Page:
The Other Side of the Sun

(1 customer review)

Author: Madeleine L’Engle
Length: 342 pages
Type: Fiction, Kindle
Genre: Historical, Crime/Thriller, Anti-Racist



“From the National Book Award-winning author of A Wrinkle in Time, an atmospheric novel of a young British bride in the American South after the Civil War. When nineteen-year-old Stella marries Theron Renier, she has no idea what kind of clan she’s joined. Soon after their arrival at Illyria, the Reniers’ rambling beachside home, Theron is sent on a diplomatic mission, leaving Stella alone with his family. As she tries to settle into her new life, Stella quickly discovers that the Reniers are not what they seem. Trapped in a world unlike anything she’s ever known, vulnerable Stella attempts to uncover her new family’s dangerous secrets–and stirs up a darkness that was meant to stay buried.”



1 review for The Other Side of the Sun

  1. Janet Dore

    “You try to smother our anger with kindness, and you simply fail to see that what we need most of all right now is an object on which to pour out our resentment and our sense of frustration and anguish, and most of all our feeling of non-value which you’ve beaten into us all these years—”

    Hands down one of my favorite quotes in this book. And, what an interesting book!

    If you’re a fan of Rebecca by Daphne du Maurier, you’ll want to give this historical fiction novel by Madeleine L’Engle a try.

    Set in the South just after the end of the Civil War, it’s the mysterious story of a young woman who marries into a former slave owning family who were at odds over their views about slavery and how people of color were being treated.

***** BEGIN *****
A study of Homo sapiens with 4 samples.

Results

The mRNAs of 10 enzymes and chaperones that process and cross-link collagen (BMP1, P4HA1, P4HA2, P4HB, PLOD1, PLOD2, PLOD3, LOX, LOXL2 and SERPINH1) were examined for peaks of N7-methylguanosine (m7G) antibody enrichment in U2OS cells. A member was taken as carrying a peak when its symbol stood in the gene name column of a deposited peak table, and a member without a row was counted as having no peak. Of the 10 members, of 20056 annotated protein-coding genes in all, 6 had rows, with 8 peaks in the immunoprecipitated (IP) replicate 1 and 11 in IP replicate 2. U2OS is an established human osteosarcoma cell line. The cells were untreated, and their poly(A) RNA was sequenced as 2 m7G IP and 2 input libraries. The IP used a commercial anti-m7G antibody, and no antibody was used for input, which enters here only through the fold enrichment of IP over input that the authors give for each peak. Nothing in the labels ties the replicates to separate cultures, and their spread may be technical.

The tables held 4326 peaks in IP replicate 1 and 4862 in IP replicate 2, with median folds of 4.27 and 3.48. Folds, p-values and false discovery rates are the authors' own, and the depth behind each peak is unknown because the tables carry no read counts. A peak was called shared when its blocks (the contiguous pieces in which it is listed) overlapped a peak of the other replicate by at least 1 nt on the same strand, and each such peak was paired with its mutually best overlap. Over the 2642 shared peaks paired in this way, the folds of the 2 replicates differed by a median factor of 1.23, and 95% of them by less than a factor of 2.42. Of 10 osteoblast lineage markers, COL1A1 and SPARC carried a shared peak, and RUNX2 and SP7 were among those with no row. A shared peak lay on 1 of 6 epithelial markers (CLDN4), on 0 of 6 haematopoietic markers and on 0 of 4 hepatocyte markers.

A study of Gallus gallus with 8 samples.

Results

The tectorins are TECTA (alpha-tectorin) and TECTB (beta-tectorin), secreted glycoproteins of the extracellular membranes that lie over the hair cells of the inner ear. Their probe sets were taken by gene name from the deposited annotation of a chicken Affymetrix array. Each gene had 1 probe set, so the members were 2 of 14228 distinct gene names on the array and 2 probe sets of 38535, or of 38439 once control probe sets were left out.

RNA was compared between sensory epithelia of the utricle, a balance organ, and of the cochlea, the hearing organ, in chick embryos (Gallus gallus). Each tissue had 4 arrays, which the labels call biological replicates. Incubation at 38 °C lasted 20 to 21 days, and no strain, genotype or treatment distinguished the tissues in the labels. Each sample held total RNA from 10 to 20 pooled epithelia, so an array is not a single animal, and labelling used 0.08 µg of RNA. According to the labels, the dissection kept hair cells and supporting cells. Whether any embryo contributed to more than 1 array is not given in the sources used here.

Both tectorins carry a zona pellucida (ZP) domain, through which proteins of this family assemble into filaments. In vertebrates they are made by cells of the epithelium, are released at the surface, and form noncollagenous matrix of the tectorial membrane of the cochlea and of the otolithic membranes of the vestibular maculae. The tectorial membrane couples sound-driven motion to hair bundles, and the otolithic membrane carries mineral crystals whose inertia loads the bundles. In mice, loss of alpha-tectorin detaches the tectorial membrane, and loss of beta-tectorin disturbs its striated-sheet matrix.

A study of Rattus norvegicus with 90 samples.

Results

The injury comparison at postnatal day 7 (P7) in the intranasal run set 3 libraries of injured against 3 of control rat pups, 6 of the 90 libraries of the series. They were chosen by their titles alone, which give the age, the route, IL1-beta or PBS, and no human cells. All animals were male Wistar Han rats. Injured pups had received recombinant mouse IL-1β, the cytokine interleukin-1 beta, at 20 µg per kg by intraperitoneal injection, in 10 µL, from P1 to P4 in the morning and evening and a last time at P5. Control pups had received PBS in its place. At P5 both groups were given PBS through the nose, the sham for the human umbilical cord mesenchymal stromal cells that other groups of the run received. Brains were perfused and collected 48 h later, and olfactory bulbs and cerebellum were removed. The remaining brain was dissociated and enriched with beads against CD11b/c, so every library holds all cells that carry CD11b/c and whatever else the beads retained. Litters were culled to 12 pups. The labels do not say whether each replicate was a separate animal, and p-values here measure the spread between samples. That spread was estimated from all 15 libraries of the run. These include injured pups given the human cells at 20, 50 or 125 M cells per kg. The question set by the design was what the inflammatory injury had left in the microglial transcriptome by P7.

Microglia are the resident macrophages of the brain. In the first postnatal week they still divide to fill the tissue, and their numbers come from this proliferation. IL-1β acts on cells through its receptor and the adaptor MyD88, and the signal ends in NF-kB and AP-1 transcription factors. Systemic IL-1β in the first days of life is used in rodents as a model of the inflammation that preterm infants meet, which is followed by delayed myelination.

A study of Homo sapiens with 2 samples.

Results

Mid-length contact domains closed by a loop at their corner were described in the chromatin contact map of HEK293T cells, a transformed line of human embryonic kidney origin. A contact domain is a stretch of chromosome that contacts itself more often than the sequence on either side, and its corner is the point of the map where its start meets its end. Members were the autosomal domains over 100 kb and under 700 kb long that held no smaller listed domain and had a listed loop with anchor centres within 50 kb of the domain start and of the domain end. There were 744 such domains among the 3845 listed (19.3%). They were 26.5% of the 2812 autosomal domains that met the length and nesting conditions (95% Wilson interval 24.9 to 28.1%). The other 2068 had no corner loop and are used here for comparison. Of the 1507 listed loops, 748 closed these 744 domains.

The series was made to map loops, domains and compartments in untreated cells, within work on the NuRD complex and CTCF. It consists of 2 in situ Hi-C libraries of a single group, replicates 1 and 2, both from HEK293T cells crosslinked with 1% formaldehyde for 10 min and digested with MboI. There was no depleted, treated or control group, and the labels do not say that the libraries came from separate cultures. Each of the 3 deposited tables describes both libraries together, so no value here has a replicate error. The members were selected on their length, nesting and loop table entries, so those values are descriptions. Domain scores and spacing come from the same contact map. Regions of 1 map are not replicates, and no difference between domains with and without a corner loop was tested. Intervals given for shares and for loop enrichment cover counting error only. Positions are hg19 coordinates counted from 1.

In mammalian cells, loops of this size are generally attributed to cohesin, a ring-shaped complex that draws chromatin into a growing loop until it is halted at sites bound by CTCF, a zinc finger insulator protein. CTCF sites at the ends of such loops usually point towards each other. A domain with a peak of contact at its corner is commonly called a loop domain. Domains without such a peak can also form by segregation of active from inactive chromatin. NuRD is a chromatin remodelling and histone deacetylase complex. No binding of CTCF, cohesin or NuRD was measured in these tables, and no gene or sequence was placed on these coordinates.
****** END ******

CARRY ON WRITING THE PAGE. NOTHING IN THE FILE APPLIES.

In true Madeleine L’Engle style, the story has a magical aura and amazing character development.

    This was one of those times I just picked up a book solely because of who the author was, so I went into it blind. I had no idea that slavery and the treatment of black people just after the Civil War would be the heart of this story. (As I actively work at tempering my white privilege, I was very happy that it was!) This is one of those books where it’s crucial to remember the historical context—of both the setting of the story and the time it was written. In the story, slavery had literally just been abolished, everything was in upheaval, the line between the anti-slavery folks and the slavery advocates was definitely not set or anywhere near black and white, and the “white savior” role is prominent. This aspect of the story felt realistic to me.

    My one significant disappointment will not be a disappointment for all. As I was reading, I noticed a subtle Christian slant…similar to C.S. Lewis’ Narnia series. This was confirmed when I read Madeleine’s bio at the end of the book. She was very involved in the church and Christianity is an influence on all of her writing, even A Wrinkle in Time, which was banned for its anti-Christian elements. Just not my thing, but it was subtle enough not to ruin the book for me.